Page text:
Part one of the poker two step

Part one of the poker two step

July 11, 2017 3:00 AM

The “two-step” in poker is not a fancy dance maneuver. It’s a viable tactic, conceived to help you become a consistent winner at the poker table.

In case you were not aware, that’s a serious challenge if you play in a casino where the cost-to-play adds up to about $25 per hour – the rake, the bad-beat jackpot drop, and tip to dealer. To win, you must make up for this inevitable, non-relaxing cost that grows steadily as time passes at the table. No bargains here.

With that in mind, I have often taught my seniors’ poker group students to use the Two-Step before and after the flop as they play Texas hold’em. It may well be the best way to get an edge over your opponents. Actually, it’s quite straight forward once you are cognizant of it.

It begins when you are dealt two holecards that are other than pocket Aces, Kings, or Queens – “made” hands preflop. You can expect one of those only about one out of 70 hands, so you do want to make the most of it. But, those are not part of our two-step concept.

Step 1: Starting hands

Preflop, to select starting-hands, use the Hold’em Algorithm, including the Hold’em Caveat for marginal (mediocre) hands and early positions. There are also charts available in various poker books. It’s best not to depend on memory. Of course, we all realize the better your starting-hand, the more likely you will emerge a winner. No guarantee, of course. Even pocket-Aces in the hole, rare as it is, sometimes loses. Step 1, then, is wisely selecting your starting-hand.

Step 2: What’s the flop?

Having made that starting-hand decision based on the Hold’em Algorithm criteria, carefully observe the flop as it relates to your starting-hand. The board must improve your hand. If you don’t catch a made hand (one that could win without further improvement), then you must have a strong drawing hand. That essentially means you should have substantial “outs” – at least six, preferably more – to warrant further pursuing and investing your hard-earned chips (money) in that hand.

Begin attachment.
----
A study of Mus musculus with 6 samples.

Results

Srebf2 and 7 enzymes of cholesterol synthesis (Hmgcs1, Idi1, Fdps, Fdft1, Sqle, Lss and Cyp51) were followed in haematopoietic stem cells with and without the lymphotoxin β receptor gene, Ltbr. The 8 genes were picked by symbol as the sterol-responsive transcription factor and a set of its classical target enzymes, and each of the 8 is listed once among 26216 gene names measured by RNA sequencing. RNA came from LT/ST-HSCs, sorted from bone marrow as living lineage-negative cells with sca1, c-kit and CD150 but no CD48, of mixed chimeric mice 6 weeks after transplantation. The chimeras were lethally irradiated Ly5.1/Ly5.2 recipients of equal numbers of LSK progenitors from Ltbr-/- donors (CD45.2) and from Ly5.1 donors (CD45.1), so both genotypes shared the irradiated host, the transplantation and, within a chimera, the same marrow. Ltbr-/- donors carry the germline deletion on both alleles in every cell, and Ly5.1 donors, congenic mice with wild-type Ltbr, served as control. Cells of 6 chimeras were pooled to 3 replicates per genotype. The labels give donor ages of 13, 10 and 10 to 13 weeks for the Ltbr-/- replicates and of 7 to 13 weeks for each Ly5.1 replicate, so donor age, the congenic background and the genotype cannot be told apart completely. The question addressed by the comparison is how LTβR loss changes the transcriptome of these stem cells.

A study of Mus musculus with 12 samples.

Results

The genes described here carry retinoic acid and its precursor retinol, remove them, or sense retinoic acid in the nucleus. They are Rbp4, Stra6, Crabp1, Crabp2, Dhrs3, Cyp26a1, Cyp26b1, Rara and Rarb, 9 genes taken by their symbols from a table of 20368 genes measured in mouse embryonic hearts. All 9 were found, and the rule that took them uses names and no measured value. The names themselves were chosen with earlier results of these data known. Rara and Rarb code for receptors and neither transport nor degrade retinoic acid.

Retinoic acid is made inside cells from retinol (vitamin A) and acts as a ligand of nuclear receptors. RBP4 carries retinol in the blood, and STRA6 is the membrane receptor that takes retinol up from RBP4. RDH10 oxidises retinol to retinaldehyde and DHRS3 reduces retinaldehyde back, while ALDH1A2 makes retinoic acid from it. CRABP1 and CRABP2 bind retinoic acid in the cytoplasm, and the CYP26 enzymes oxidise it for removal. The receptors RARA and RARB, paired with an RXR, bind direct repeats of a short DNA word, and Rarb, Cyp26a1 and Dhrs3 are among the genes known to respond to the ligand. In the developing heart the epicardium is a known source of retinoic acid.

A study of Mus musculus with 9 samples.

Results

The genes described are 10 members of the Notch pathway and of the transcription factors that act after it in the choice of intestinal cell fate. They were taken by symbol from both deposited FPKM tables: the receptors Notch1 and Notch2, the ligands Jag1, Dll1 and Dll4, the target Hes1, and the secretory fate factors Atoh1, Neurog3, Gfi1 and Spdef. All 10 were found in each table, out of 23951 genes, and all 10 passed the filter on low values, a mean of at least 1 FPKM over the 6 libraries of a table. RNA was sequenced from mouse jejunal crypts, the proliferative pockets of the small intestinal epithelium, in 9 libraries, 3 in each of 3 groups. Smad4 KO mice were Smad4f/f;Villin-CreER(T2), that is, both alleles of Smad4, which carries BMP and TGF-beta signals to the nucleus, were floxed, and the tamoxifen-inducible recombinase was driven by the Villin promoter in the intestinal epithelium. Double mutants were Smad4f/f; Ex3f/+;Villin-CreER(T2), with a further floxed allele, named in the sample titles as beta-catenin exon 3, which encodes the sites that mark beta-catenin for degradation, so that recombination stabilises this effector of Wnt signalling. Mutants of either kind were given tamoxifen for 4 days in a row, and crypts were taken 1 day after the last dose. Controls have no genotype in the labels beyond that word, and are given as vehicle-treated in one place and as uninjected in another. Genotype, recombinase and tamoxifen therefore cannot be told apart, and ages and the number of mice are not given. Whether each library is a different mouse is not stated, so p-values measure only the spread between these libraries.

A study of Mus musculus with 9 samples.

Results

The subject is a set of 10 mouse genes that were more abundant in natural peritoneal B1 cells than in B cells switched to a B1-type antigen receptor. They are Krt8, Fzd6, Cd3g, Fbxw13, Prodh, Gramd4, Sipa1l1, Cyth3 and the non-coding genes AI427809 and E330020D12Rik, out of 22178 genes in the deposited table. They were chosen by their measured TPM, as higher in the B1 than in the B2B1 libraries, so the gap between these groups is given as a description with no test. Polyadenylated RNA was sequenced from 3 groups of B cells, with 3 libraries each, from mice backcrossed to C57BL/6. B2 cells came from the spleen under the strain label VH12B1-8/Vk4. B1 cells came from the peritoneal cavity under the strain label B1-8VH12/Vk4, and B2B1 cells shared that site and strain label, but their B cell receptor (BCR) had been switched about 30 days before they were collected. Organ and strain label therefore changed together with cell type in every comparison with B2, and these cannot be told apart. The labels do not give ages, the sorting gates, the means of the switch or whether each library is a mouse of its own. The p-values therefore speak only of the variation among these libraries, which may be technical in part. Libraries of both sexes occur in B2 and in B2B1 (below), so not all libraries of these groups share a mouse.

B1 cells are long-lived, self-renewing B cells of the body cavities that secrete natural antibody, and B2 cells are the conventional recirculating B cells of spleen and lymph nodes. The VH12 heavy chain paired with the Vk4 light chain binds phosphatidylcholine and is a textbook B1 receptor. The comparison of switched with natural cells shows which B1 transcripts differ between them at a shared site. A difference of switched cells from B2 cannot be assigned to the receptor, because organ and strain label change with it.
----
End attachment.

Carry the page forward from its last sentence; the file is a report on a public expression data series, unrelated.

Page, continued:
The more outs, the lower will be the card odds against you, and the greater your chance to improve to a strong – hopefully, the winning – hand. The idea is you want sufficiently low card odds compared to the pot odds for a Positive Expectation (i.e., pot odds much higher than the card odds).

Simple, isn’t it?

When playing limit hold’em, we can best illustrate this concept with typical examples:

Starting with a small pair from a middle position:  Let’s say you are dealt a pair of sevens while in a middle position, meeting the criteria of the Hold’em Algorithm. It’s a multi-way pot (three or more opponents) with no raises, satisfying the Hold’em Caveat. So, you invest to see the flop, hoping to make a set of 7’s on the flop.

You know the card odds are about 8-to-1 against you; but if you do connect, it could easily be the winning hand more often than not. If you do not connect, usually you should plan to fold to any bet; otherwise, you would be chasing with just the turn and river cards to come. Of course, if it’s checked all around, you get to see the turn for free. (Never refuse a free card.)

Starting with middle connectors from a middle position: Suppose you have been dealt 8-9 offsuit. According to the Hold’em Algorithm, that scores 24 points for you – just enough to meet the starting-hand criteria for a middle (but not an early) position. You limp to see the flop. That’s Step 1.

Unfortunately, the Button raises it up. For one more small bet, you call to see the flop. Again, as in the previous example, the flop must improve your hand. That’s Step 2. If not, prepare to fold and save some chips for a better opportunity.

Of course, there are many examples of using the Two-Step. We’ll discuss a few more in my next column.